Climate change 'partly to blame' for sweltering Moscow
Global climate change is partly to blame for the abnormally hot and dry weather in Moscow, cloaked in a haze of smoke from wildfires, say researchers.
The UK Met Office has said there are likely to be more extreme high temperatures in the future.
Experts from the environmental group WWF Russia have also linked climate change and hot weather to raging wildfires around the Russian capital.
Meteorologists say severe conditions may linger for several more days.
The Moscow health department said earlier that the number of people dying daily in the city had reached about 700 - twice the usual number.
Jeff Knight, a climate variability scientist at the UK Met Office, attributed the situation in Moscow to a number of factors, among them greenhouse gas concentrations, which are steadily rising.
The recent El Nino, a climate pattern that occurs across the tropical Pacific Ocean and affects weather around the world, and local weather patterns in Russia may have also contributed to this summer's abnormal conditions.
"The Russian heatwave is related to a persistent pattern of circulation drawing air from the south and east (the very warm steppes)," said Dr Knight.
"Circulation anomalies tend to create warm and cool anomalies: while it has been very hot in western Russia, it has been cooler than average in adjacent parts of Siberia that lie on the other side of the high pressure system where Arctic air is being drawn southwards.
"Some long-term records have been broken - for example the highest daily temperature in Moscow. We expect more extreme high temperatures as the climate changes. This means that when weather fluctuations promote high temperatures… there is more likelihood of records being broken."
The head of the climate and energy programme at WWF Russia, Alexei Kokorin, said the abnormal temperatures soaring to up to 40C increased the likelihood of wildfires around the capital.
And though this summer in Moscow had proven harsh for people and animals alike, it was possible that temperatures would continue to rise over the years to come, he warned.
"We have to get ready to fight such fires in the future because there is a great possibility that such a summer will be repeated. This tendency won't stop in the coming 40 years or so, until the greenhouse gas emissions are reduced," he said.
"In a few decades, fires may affect the main forest regions of Russia. Of course, there are a lot less people living there, but we could lose a lot more forests.
"We can now say that the wave of abnormal phenomena that the rest of the world has been experiencing has finally reached central Russia," Dr Kokorin added.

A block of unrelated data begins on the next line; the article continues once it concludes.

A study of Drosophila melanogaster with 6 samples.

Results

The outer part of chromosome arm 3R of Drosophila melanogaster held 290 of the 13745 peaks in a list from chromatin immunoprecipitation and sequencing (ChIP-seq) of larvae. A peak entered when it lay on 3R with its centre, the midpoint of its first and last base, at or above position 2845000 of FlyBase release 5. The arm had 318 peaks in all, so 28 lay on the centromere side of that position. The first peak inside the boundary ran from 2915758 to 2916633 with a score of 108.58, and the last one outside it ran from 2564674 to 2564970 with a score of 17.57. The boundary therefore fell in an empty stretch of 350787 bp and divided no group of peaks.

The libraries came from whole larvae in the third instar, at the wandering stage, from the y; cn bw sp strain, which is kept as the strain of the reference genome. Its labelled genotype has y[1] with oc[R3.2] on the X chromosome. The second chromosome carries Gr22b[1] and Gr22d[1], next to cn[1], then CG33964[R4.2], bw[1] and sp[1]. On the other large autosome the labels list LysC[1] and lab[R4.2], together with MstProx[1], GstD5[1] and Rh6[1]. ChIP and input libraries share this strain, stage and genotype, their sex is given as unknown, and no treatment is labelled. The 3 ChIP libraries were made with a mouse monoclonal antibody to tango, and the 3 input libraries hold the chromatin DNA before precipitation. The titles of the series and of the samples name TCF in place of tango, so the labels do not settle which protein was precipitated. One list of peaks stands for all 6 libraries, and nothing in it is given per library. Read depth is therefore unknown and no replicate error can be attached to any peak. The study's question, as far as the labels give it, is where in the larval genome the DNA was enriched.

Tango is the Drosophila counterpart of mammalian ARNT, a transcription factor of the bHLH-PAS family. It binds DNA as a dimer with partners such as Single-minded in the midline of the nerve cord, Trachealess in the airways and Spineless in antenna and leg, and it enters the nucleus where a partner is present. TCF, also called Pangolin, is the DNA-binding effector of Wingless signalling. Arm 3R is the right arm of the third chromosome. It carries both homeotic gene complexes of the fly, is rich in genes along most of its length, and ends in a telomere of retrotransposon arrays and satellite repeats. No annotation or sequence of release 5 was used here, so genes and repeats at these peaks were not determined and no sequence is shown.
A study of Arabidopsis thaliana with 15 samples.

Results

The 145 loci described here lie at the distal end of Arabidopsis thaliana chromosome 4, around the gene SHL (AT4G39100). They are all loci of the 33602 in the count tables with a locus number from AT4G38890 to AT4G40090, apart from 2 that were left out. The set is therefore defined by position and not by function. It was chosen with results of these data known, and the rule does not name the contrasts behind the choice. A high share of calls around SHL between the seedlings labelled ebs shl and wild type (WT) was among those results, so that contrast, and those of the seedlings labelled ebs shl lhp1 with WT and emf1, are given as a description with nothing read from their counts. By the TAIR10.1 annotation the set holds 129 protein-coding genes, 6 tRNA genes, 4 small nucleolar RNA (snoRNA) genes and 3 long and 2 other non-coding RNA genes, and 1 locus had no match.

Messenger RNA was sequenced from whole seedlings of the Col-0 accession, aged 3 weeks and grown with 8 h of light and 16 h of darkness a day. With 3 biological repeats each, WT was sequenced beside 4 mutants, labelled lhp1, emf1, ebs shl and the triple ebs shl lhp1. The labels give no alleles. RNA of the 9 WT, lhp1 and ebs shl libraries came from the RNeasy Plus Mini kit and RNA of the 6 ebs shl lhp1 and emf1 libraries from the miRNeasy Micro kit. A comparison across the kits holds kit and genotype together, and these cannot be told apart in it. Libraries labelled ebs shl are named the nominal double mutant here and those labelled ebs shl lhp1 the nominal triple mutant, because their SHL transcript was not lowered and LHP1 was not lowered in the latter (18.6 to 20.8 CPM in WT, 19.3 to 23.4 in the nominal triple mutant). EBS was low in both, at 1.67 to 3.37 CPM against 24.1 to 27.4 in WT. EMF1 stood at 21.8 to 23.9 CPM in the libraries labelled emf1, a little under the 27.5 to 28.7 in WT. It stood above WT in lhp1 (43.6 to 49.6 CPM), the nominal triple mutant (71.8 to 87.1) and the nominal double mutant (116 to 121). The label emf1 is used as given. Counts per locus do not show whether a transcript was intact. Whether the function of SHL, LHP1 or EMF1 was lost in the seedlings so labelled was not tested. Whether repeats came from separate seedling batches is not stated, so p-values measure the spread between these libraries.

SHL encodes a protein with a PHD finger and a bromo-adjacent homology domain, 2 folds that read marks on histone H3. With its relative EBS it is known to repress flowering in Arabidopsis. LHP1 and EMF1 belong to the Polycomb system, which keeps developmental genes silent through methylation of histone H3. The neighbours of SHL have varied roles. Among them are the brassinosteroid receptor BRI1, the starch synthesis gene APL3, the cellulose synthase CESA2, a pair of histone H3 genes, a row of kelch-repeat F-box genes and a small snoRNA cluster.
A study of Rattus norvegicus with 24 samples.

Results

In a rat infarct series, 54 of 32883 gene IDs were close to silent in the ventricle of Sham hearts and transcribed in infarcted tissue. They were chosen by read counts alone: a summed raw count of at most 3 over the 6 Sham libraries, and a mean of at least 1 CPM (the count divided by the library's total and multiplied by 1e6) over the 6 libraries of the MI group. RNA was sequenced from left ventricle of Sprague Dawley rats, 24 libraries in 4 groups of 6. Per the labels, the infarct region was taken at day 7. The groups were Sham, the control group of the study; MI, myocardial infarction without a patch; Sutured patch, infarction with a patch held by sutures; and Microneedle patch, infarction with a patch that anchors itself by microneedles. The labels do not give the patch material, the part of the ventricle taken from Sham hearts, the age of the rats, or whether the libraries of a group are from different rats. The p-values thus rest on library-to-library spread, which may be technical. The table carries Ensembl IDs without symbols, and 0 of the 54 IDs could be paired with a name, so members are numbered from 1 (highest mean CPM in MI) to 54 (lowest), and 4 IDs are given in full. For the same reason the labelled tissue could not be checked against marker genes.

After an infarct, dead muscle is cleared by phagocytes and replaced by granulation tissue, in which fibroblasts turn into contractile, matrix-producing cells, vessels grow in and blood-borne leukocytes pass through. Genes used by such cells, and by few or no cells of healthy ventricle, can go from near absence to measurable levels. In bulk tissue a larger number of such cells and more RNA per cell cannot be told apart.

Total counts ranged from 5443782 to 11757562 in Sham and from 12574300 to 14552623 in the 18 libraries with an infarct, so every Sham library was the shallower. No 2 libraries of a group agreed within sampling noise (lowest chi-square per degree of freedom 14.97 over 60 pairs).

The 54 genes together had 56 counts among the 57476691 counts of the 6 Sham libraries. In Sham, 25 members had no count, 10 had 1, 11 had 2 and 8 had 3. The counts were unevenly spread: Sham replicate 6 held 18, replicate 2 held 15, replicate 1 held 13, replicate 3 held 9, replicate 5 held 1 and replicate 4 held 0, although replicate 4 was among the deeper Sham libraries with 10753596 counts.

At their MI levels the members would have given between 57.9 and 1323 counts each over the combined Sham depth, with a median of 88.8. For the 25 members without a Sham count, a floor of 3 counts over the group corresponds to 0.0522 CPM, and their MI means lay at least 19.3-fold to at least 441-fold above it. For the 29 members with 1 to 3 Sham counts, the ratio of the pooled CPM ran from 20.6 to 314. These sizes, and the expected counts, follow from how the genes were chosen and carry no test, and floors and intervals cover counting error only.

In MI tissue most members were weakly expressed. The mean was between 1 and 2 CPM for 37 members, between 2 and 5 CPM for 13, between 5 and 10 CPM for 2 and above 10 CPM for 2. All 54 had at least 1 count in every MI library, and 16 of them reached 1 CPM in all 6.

Temperatures have been record-high for weeks and smoke from wildfires has driven airborne pollutants levels to the worst ever recorded in the capital and the Moscow region.
How peat bog fires spread
- Peat is formed from decayed vegetation in bogs, moors or swamps.
- Deliberate drainage or drought can expose peat to air.
- Peat can then be ignited by wildfires or spontaneously combust. The air flow allows the peat to continue burning.
- Once alight, the smouldering fire spreads slowly through the peat and can cause the ground above to collapse.
Besides people suffering and entire villages burnt down, Russian wildlife has been hit hard as well.
Greenpeace Russia has criticised the Russian authorities for poor handling of the catastrophe, and mainly for abolishing a centralised woodland fire control system several months ago.
Environmentalists say the number of personnel employed to spot wildfires has been slashed by over a half.
This has greatly contributed to the massive loss of forests and wildlife around the capital, Mikhail Kreyndlin, head of Greenpeace Russia's programme on specially protected natural areas, told BBC News.
"If bigger animals are able to escape the fires, smaller ones, including insects, have perished," he said.
Smog has also been a major issue, he added, especially for birds.
"Birds have very intensive breathing, and such extreme levels of air pollutants have definitely affected them," he said, explaining that it was possible for birds to basically drop dead from the skies.
Dr Kokorin said global warming creates another problem.
"If it gets warmer in the winter and in the spring and hotter in the summer, fauna changes.
"For example, we have never had as many regions in Russia affected by malaria, and the same goes for ticks carrying encephalitis. This is because winters are becoming much warmer, and less and less of these organisms die during the freezing periods."
There have also been reports of freshwater jellyfish, commonly found in warm lakes and rivers in North America, Europe and Asia, fished out from the abnormally warm waters of the Moscow river.